UNDATED --A budding entrepreneur has designed an education app that aims to help teachers become "experts" on their students.

Enlight is the brainchild of Chris Dieumerci. He’s a junior at North Dakota State University, majoring in Business with a minor in Entrepreneurship.

Every Tuesday and Thursday throughout the fall, Dieumerci has made the roughly 300-mile round trip from Fargo to St. Cloud to participate in gBETA, a new networking group for entrepreneurs.

It’s a testament to how passionate Dieumerci is about his creation. Born in a refugee camp in Tanzania, Dieumerci came to the United States at age 10. He says the transition into the American school system – and learning English – were greater challenges than he anticipated.

“The idea for (Enlight) really started with me in high school,” Dieumerci explains. “At first, I thought teachers were super boring.”

This perception changed when Dieumerci encountered a particular teacher.

“My (English language) teacher – she took me under her wing. She really got to know me.”

As he began to thrive academically, Dieumerci started wondering how he could help other students – and teachers – access the same success.

“I did some research, and I realized – teachers are basically public speakers who don’t always know their audience. So, I went on this mission – how could I help teachers get to know their students?”

After interviewing around 200 teachers, Dieumerci created the Enlight system. To start, students download an app on their smartphones, tablets or computers. From there, they’re asked to share information about their hobbies, interests and passions.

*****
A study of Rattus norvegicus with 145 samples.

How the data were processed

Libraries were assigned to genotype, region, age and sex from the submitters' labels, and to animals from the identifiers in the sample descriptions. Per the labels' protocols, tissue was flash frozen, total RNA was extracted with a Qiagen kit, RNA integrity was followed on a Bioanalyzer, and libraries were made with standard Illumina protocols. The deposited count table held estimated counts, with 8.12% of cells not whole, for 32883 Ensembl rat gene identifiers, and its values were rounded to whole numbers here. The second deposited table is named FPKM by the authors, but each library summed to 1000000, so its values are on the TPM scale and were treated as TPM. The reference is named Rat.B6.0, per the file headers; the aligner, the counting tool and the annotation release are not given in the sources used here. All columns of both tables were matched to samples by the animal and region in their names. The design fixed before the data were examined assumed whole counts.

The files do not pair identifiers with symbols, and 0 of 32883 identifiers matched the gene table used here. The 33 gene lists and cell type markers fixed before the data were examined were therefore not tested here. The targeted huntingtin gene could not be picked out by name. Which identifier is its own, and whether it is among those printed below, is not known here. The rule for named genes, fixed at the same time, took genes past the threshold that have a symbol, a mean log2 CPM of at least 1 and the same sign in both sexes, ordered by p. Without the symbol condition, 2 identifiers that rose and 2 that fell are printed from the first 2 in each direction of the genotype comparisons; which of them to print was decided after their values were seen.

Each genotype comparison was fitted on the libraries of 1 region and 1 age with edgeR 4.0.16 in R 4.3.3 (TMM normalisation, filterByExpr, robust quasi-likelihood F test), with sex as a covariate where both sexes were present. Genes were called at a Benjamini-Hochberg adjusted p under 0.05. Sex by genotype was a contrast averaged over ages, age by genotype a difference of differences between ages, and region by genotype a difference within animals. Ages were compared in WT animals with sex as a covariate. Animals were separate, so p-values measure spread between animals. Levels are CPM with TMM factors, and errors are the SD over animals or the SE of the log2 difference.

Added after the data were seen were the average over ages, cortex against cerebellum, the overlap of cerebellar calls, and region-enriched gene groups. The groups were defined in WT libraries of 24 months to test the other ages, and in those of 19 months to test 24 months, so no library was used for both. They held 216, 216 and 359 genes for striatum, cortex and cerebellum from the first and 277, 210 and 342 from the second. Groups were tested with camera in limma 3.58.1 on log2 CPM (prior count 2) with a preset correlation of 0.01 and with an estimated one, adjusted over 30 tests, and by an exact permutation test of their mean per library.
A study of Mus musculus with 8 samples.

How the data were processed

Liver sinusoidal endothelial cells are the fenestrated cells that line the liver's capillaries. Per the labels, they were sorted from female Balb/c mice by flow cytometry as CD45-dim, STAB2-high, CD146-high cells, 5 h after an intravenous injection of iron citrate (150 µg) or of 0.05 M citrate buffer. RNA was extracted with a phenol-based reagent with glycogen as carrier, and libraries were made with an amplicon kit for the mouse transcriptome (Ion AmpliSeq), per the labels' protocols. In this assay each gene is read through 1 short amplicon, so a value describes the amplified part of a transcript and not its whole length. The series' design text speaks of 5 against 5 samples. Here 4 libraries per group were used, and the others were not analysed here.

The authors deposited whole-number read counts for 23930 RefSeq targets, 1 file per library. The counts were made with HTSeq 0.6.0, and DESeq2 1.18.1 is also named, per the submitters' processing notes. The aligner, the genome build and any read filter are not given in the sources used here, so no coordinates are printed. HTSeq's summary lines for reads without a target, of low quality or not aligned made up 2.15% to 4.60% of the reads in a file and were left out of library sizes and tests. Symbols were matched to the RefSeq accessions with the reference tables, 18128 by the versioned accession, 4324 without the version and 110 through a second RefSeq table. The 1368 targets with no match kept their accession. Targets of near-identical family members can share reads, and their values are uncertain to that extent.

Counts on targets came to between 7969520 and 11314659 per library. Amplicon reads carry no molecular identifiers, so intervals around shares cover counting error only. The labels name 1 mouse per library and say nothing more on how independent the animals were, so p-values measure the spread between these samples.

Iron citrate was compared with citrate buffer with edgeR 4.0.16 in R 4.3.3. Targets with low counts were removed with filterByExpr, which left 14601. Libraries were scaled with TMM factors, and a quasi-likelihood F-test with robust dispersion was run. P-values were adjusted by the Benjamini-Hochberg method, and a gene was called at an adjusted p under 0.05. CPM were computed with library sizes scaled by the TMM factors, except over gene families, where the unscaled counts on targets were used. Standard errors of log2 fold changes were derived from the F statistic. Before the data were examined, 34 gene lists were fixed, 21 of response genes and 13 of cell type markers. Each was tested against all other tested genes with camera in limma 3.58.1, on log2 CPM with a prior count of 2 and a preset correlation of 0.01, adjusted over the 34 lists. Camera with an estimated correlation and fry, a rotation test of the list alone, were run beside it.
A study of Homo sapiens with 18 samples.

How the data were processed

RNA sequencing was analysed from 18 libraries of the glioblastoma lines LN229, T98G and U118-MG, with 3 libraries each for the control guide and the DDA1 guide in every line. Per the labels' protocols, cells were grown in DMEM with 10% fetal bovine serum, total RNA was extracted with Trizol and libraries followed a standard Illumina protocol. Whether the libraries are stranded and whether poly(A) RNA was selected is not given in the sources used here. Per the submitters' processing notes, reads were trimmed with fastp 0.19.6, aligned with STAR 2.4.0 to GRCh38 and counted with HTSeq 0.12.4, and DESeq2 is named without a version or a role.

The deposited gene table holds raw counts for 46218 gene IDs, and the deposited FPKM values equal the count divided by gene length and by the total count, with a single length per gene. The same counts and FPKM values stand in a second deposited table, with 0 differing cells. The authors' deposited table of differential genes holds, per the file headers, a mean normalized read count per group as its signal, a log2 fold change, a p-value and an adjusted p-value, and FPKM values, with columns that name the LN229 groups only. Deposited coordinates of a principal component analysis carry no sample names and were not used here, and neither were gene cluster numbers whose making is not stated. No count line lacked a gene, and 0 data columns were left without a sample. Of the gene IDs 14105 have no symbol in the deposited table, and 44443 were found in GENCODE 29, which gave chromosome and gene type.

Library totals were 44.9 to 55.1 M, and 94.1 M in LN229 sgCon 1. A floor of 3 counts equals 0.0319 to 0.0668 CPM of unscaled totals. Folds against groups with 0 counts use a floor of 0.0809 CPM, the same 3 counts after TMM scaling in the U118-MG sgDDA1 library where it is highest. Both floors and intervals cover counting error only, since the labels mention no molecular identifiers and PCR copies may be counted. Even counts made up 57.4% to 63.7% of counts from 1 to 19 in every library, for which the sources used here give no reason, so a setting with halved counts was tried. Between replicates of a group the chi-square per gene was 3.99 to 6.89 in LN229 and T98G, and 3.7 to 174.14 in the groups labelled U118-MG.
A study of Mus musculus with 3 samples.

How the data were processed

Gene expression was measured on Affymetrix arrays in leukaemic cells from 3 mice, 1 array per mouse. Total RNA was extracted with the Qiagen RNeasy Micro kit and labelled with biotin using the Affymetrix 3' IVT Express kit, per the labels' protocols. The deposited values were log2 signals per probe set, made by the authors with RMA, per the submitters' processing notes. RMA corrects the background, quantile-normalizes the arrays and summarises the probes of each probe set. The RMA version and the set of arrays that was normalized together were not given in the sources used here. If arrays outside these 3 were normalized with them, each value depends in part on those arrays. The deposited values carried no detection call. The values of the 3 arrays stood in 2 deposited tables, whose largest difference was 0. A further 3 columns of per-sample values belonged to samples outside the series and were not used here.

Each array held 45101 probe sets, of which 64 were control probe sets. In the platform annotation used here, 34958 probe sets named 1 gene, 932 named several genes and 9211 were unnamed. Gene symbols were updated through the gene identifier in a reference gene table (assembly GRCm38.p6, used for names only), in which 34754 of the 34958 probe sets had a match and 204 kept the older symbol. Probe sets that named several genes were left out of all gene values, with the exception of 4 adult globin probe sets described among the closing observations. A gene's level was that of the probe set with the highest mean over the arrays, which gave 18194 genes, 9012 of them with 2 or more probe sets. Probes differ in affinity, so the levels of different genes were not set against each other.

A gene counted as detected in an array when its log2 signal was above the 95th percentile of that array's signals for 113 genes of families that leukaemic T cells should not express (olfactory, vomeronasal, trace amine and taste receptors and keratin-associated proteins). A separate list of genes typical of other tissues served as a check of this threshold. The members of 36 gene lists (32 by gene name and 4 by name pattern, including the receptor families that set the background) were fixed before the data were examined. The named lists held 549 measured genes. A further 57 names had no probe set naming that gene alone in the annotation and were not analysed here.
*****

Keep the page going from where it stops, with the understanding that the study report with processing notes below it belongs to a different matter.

“We ask them about what inspires them – what’s their ‘why’ in life,” Dieumerci says. “How often are students asked that?”

They’re also prompted to describe how they like to learn.

“We ask them, ‘do you like projects. Do you like lectures?’ It might be the first time they’ve considered this. We know that every student learns differently,” Dieumerci explains.

Once the surveys are completed, Enlight compiles the information for teachers in a digital file. The app also generates class profiles by aggregating the student data, highlighting similarities in student responses.

“You might find that the top interests in the class are technology, or poetry, or basketball,” Dieumerci explains. “Maybe most students prefer group projects. All those things are ways that a teacher can use to access students.”

Dieumerci says one of the strengths of Enlight relates to anonymity.

“We’re all more willing to be honest behind a screen,” Dieumerci says. “Some students – they don’t want to share certain things about themselves and look like a nerd. They might answer ‘sports’ when they’re actually interested in something completely different.”

Enlight is currently in beta testing with 16 teachers and 300 students, with a waiting list of 89 others. Dieumerci says, right now, participating teachers are paying $50 to use the app. The goal, he says, is to eventually sell the app to school districts.

As for Dieumerci himself, he doesn’t plan to stop at Enlight. His goal is to be a “serial entrepreneur.”

“I dream about building companies with a social impact,” Dieumerci says. “I want to change lives.”

This is part five of a five-part series on local entrepreneurs participating in gBETA Greater Minnesota-St. Cloud’s Pitch Night. Each participating company will give a five-minute pitch in front of an audience of investors, entrepreneurs and community members. Pitch Night will be held on Thursday, Dec. 19 from 5:30 p.m.-8:30 p.m. at the Herb Brooks National Hockey Center at St. Cloud State University.

To learn more about gBETA, visit their website.